What I've Learned From Being a Performer With Cerebral Palsy


I started dancing at age 6, mostly because my mom saw I loved to sing and jump around along with my “Annie” and various Disney VHS tapes in our family room. If only we knew at the time how many lessons would come my way in the years to follow. I wish I could say every person I’ve ever encountered was fully supportive of the fact that I danced as a person with cerebral palsy, but that wasn’t always the case.

I also wish I didn’t feel different sometimes. It’s hard to think back to myself at 8 years old and remember how I felt watching myself in the mirror. When all the girls around you can leap gracefully across the room or tap their feet faster, it’s a tough pill to swallow at first. I also had to accept that there were some things my body would physically not be able to accomplish. Despite all this, I was determined. Quitting dance wasn’t something I could bring myself to do. Most importantly, come recital time, I’ll never forget how happy I was when I got up on the stage.

I came to realize ballet wasn’t the best fit for me, but tap was something I began to have fun with. When the moments of doubt watching myself in the mirror were replaced with moments of accomplishment, I knew in my heart that I still loved to dance, despite my left leg. It was also a huge blessing to have a supportive choreographer. It made all the difference in the world when I knew someone cared about me regardless of how fast I could tap my feet. Shout out to “Miss Donna” for encouraging me every step of the way (no pun intended!)

I didn’t have many doubts about transitioning into high school theater — I still wanted to perform. I was lucky I had a positive support system to help me along the way. But those years gave me some heavy doses of perspective. Those who know me well know that my cerebral palsy is something I like to have complete control over (after all, no one knows my body better than me!) I went through a time of intense self-criticism, afraid someone would notice how my leg was “different” on stage, and somehow justify that this made me less of a performer. Between those moments of feeling weak in ballet as a little girl, and unkind comments from people over the years, I carried a lot of self-doubt with me. I strived to be as perfect as possible and became very hard on myself. But as time went on, I realized that every moment I wasted worrying about my CP was a moment I could’ve been spending fully invested in the happiness of stepping on the stage.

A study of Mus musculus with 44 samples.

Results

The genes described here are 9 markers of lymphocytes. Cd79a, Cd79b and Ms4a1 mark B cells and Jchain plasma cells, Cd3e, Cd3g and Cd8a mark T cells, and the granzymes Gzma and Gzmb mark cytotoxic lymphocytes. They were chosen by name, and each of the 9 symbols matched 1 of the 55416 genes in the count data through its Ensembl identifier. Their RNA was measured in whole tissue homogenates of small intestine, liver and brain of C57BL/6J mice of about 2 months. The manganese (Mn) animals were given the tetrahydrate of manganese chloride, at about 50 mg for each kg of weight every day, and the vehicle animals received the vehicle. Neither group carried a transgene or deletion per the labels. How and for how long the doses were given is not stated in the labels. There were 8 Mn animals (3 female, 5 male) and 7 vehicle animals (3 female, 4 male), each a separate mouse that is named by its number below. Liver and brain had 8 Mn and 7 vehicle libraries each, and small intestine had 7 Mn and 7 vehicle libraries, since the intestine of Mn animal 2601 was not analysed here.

As I went into my senior year of high school, embracing my CP and finding my confidence was nothing short of exhausting. I made a promise to myself that I would stay positive — my script was even covered with motivational quotes! Not every day was easy, and I spent a lot of rehearsal time with ice packs. But looking back on it, those days taught me how to accept my tight, sore, tired muscles in their entirety. Having the ability to perform with cerebral palsy taught me so many lessons about myself and what’s truly important in life. Without them, I would never have had the chance to grow and change my outlook. To quote one of my favorite lines from Miss Donna, “It’s not about your physical body… it’s about the heart and soul you put into what you do!”

I would be lying if I said I still didn’t look longingly at the Rockettes and their beautiful high kicks. And if the opportunity ever arises, I’ve always dreamed of knowing what it felt like to leap and twirl across a big stage. But for now, I have my left leg as a reminder of how much I’ve grown — because cerebral palsy has forever shared the stage with me.